Regional Reviews: Connecticut and the Berkshires
10X10 New Play Festival
The proceedings begin when the six actors sing and dance their way through a lively, welcome introduction of lyrics set to a tune from Grease. Brent Askari's The Consultant follows and those who have been to the 10X in previous years will happily recognize actors Peggy Pharr Wilson, who plays Sylvia, and Robert Zukerman, as Bill. They are joined by Barrington Stage newcomer Gisela Chípe, cast as Celeste. Sylvia and Bill, together for many, many decades, visit the much younger Celeste who is a couples or sex therapist. Use your imagination or, better, see for yourself. Enough said.
Next, Aaron (Ross Griffin) is watching football on TV when Erin (Naire Poole) climbs through a window into his apartment. Aaron used to be her boyfriend but she is now eluding her current wedding. Of course, she's supposed to be in love with her new man but ... Playwright Jordan Ealey provides this one-act piece. Next, Robert Zukerman is back in Mark Evan Chimsky's Meeting Fingerman. It's a complex play which finds youthful author Nate (Griffin) in the presence of his hero, Saul Fingerman (Zukerman), a legendary Yiddish writer. Fingerman talks of Jewish shtetls in the "old country." This short is both catchy and contemplative.
All cast members join on stage, but they're lost, when birding, as part of John Mabey's The Mount Greylock Fish Hawk Squawk. Have you ever found yourself confused and confounded while hiking in a state park? Jennifer Maisel's The Welcome closes out the first half of the show as Jana (Poole) enters Greta's home. Greta (Wilson) has asked Jana in.
After intermission, the action swings into another nifty, high gear with James McLindon's Snow Falling Faintly. This play combines wit, drama and scrutiny into one significant package. Mom (Wilson) and Son (Griffin) arduously shovel 26 inches of snow. She's tough and unwilling to consider getting a snowblower to assist with the terrible winter storms. He goes along but would rather not. They miss a pivotal someone who is no longer on the scene. This could be a time to consider snow as it falls, flies, and perhaps, is tossed out of the way, as life's metaphors.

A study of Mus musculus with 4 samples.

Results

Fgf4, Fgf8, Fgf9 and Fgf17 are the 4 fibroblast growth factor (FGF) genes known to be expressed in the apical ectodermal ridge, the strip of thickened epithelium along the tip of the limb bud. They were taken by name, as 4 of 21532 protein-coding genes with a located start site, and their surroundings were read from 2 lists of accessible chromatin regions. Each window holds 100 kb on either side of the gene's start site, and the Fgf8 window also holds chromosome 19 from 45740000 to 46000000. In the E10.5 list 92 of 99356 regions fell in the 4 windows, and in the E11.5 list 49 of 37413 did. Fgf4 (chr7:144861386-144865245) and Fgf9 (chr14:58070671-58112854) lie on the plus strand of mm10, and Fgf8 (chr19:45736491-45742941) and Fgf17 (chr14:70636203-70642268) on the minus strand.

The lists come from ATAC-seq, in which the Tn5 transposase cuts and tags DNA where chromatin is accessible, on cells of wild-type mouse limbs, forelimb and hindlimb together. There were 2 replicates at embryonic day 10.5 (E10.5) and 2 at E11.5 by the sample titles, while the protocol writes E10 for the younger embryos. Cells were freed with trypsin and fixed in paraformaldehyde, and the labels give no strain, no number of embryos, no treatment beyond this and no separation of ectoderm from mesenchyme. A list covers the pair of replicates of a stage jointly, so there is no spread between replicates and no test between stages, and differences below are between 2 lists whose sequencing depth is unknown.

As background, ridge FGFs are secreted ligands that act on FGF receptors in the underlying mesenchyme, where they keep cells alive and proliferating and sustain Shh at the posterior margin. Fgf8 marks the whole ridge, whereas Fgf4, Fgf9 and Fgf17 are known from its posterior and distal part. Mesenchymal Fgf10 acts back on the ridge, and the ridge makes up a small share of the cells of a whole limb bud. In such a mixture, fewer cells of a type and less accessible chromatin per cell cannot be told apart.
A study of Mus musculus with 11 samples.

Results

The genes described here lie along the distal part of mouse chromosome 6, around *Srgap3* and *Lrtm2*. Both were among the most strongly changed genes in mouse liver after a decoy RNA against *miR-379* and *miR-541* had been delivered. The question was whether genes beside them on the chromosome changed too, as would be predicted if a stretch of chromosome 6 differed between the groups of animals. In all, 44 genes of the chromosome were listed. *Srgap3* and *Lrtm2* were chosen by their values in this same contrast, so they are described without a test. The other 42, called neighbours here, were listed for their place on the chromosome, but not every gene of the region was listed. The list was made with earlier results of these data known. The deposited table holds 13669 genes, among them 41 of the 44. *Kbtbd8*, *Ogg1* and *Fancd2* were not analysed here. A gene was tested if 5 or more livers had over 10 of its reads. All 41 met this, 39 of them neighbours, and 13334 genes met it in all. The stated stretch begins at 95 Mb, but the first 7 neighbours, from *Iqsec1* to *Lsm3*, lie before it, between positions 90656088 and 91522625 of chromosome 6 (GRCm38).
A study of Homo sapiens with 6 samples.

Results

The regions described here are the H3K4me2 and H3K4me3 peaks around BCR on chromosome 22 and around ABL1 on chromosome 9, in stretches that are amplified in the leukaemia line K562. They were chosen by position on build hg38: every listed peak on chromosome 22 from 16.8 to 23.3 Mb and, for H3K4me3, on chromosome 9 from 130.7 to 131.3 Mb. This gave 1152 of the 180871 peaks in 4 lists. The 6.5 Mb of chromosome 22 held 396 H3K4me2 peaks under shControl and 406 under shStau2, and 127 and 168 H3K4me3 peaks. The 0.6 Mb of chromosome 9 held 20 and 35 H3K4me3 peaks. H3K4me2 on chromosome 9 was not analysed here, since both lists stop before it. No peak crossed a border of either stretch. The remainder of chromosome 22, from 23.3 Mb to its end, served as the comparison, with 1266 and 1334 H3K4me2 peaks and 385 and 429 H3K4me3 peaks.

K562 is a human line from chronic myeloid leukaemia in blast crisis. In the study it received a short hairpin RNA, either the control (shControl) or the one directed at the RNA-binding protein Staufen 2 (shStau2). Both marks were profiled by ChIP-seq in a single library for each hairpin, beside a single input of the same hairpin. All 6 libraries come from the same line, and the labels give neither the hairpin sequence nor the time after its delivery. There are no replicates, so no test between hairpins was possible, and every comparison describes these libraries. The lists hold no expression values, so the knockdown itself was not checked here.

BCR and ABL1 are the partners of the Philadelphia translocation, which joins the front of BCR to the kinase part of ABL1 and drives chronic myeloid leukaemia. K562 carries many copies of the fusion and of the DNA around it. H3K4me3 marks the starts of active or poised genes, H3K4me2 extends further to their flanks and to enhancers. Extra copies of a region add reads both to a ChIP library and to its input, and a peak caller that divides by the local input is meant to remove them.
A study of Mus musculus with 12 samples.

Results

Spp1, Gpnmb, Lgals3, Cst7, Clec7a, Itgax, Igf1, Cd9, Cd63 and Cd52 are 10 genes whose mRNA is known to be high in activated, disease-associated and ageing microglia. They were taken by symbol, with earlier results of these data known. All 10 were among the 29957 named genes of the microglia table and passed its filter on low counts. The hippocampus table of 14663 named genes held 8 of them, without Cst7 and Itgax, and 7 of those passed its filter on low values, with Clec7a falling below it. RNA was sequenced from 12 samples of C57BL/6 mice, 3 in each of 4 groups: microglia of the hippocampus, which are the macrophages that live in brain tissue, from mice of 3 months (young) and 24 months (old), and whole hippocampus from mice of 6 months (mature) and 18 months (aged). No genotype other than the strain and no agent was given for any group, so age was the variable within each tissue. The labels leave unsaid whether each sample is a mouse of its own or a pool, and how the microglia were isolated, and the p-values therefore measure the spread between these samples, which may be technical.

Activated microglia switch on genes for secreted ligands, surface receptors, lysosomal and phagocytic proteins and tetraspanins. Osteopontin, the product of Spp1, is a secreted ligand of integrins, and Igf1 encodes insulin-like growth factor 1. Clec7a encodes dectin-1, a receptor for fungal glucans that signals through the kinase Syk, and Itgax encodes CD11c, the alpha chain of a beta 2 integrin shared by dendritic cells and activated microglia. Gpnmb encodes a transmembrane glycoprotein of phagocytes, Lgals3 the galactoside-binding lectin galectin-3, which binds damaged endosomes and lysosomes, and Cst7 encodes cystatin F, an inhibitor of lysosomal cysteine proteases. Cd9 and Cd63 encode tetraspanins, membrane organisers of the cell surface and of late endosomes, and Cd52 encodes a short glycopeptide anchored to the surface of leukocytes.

Jessica Provenz's The Open Door is anything but that. Debbie (Chípe) and Dan (Nealy) are on either side of a closed door. Scenic designer Marcus Kearns goes with the obvious and it works. Each is on a cell phone and they're about to, maybe, experience a blind date. Playwright Christopher Oscar Peña's can I tell you a story? is a monologue which Ross Griffin precisely delivers. Cory (Griffin) reflects upon death.
Diana Metzger's High Time is just that. Four of the actors take the stage and the setting is a marijuana shop. Dolly and Sam Answorth (Wilson and Zukerman, respectively) are not so young. Jen (Poole) and Dennis (Nealy) are of another generation. A Doubt My Play bookends the evening with Glenn Alterman's appropriate piece. Actor Nealy is the Playwright who awaits criticism from his peers as the Moderator (Zukerman) takes notes. How insightful this is and what a perfect fit to close such a thoroughly engaging couple of hours of performance.
BSC's mixture is seasoned, like excellent soup or stew, with a variety of literal and symbolic tastes and textures. There's something for all of us while any two people probably would vote differently if polled about favorites. No matter because, rest assured, there's more than one delectable vignette for each and every theatregoer. The scripting is terrific while directors Paul and Penn coax a skilled, malleable group of actors.
The 10X10 New Play Festival runs through March 10, 2024, at Barrington Stage Company, 36 Linden St., Pittsfield MA. For tickets and information, please call 413-236-8888 or visit barringtonstageco.org.